A new study published in JAMA Psychiatry suggests that alcohol misuse has increased significantly in the United States. The authors compared data from 2001-2002 and 2012-2013 and documented substantial increases in the prevalence of past 12-month drinking, high-risk drinking, and alcohol use disorder (AUD).
AUDs overall shot up by almost 50 percent, from 8.5 percent in 2001-2002 to 12.7 percent only eleven years later. “Alcohol use and specifically high-risk drinking, which often leads to alcohol use disorder (AUD), are significant contributors to the burden of disease in the United States and worldwide,” the study's authors conclude.
They note that alcohol misuse is a significant driver of mortality from a plethora of ailments: “fetal alcohol spectrum disorders, hypertension, cardiovascular diseases, stroke, liver cirrhosis, several types of cancer and infections, pancreatitis, type 2 diabetes, and various injuries.”
Overlooked Health Crisis
Understandably, a lot of attention is currently directed at the opioid epidemic which has become a national emergency. The official number of drug overdose fatalities reached a record of 52,404 in 2015 and is likely to have gone up again in 2016, but the statistics make clear that alcohol kills even more Americans. The Surgeon General reported last year that “alcohol misuse contributes to 88,000 deaths in the United States each year; 1 in 10 deaths among working adults are due to alcohol misuse.”
The new study suggest that one in eight Americans has an alcohol problem. “This should be a big wake-up call,” David Jernigan, director of the Center on Alcohol Marketing and Youth at the Johns Hopkins Bloomberg School of Public Health told Bloomberg.com. “Alcohol is our number one drug problem,” said Jernigan, who was not involved in the research.
Bridget Grant, a researcher at the National Institute on Alcohol Abuse and Alcoholism and lead author of the study, told Bloomberg.com, “We haven’t seen these increases for three or four decades.”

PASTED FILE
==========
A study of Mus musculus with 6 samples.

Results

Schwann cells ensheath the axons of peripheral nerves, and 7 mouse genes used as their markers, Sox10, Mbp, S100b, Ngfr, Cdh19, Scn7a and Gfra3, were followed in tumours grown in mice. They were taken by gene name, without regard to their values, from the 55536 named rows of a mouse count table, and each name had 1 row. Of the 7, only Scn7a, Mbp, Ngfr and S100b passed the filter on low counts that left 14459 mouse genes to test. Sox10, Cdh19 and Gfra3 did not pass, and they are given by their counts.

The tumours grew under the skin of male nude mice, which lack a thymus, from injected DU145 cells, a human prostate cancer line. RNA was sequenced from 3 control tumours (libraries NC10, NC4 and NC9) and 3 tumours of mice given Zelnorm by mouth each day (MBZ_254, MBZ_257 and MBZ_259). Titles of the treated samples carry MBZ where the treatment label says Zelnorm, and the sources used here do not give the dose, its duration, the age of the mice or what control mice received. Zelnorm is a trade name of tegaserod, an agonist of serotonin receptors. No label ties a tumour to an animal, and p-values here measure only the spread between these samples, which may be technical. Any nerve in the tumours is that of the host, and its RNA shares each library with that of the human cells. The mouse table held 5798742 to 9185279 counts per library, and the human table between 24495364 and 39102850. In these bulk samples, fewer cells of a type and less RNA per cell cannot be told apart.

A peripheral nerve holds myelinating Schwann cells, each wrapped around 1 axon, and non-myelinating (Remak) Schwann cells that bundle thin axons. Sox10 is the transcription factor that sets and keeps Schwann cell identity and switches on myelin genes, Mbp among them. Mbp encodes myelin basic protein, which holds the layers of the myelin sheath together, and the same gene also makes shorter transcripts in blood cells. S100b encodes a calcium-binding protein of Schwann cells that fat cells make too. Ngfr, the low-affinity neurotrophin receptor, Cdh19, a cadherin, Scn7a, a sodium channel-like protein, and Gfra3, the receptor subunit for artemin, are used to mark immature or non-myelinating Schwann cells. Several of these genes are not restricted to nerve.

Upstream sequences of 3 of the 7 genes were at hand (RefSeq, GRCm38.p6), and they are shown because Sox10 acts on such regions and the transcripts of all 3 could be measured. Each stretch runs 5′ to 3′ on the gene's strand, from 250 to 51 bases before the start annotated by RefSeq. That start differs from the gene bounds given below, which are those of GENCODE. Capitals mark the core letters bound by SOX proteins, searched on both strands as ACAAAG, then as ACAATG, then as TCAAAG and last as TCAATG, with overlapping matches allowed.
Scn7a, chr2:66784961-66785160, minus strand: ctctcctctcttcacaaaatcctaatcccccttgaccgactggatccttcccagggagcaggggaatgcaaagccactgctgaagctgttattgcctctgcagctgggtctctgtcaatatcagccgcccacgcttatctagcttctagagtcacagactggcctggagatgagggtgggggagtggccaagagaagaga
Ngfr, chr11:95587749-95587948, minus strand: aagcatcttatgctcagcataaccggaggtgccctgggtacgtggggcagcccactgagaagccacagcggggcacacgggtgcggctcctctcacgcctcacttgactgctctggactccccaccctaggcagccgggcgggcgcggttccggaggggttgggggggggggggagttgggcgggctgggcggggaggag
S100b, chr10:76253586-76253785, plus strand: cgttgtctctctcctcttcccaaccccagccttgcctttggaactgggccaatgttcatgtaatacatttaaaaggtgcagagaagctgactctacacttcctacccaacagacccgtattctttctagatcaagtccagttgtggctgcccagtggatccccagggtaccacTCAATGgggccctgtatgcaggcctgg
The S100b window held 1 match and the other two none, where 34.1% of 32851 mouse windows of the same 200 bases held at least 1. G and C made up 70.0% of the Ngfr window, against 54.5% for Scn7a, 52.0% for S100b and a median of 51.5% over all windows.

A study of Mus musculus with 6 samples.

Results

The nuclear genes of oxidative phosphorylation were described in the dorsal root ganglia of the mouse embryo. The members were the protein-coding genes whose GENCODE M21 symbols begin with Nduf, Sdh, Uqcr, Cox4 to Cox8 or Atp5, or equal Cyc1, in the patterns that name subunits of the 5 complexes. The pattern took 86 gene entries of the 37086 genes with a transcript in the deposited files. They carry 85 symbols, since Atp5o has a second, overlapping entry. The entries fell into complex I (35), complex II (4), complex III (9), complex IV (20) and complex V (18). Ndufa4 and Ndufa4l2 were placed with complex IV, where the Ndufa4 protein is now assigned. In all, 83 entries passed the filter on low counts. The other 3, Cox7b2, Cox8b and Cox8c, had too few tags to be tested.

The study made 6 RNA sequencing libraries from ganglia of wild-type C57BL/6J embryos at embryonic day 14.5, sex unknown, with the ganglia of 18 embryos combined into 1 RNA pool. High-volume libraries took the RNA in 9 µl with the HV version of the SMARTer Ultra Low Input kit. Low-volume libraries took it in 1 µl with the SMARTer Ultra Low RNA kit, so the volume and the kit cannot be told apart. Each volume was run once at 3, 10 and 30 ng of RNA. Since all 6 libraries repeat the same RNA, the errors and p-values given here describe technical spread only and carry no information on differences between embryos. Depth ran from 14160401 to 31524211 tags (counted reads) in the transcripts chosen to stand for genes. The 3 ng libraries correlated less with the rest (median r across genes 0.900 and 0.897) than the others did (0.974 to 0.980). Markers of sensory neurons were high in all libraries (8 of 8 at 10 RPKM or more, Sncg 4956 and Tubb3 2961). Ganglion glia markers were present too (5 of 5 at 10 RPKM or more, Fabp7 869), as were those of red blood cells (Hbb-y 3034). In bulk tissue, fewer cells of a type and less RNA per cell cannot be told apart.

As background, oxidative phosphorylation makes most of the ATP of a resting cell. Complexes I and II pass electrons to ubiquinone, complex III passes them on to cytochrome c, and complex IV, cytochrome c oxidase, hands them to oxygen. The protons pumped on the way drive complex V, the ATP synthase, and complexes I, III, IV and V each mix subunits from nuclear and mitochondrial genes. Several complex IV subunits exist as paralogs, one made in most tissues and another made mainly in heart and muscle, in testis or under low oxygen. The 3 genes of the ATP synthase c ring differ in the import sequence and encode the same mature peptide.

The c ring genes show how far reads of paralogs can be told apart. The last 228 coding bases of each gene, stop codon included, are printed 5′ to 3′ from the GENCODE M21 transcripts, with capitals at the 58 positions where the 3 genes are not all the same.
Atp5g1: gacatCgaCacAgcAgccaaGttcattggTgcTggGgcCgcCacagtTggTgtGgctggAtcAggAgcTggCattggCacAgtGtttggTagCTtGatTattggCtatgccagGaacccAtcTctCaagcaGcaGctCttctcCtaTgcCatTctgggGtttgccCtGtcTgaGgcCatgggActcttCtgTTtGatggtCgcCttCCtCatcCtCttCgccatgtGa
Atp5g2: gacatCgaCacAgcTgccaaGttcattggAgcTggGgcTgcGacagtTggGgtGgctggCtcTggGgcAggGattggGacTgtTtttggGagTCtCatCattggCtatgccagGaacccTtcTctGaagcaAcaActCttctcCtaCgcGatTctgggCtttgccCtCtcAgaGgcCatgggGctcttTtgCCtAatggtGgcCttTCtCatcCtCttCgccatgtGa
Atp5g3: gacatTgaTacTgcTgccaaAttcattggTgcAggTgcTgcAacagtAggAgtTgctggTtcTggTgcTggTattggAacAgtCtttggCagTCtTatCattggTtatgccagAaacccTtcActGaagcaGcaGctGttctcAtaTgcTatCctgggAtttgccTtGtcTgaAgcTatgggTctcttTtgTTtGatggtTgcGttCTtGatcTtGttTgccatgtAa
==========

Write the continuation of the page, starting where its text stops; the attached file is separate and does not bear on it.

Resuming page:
Increases in alcohol use, high-risk drinking, and alcohol use disorder for the periods studied were also statistically significant across sociodemographic subgroups. Increases in all of these outcomes were greatest among women, older adults, ethnic minorities, and individuals with lower educational level and family income.
Deaths of Despair
In 2015, two Princeton economists argued that middle-aged white Americans without a college degree were now facing “deaths of despair”—suicide, overdoses from drugs and alcohol, and alcohol-related liver disease. They blamed financial insecurity bearing down on the baby boomer generation which was raised on the promise of a better life and secure retirement.
Dr. Grant seems to agree. “I think, the increases are due to stress and despair and the use of alcohol as a coping mechanism,” she told the Washington Post.
We should keep in mind that the study's data only goes up to the year 2013. If the trend has continued in the last four years, the alcoholism epidemic is even worse by now.
Severe alcohol use disorder requires medically supervised detoxification and modern addiction treatment. Decision Point takes a contemporary view of substance use disorders, treating addiction as a chronic disease and not a choice. By assessing the true nature of each patient's condition, including co-occurring mental health issues, the Decision Point team can design an effective treatment plan that addresses the needs of the individual.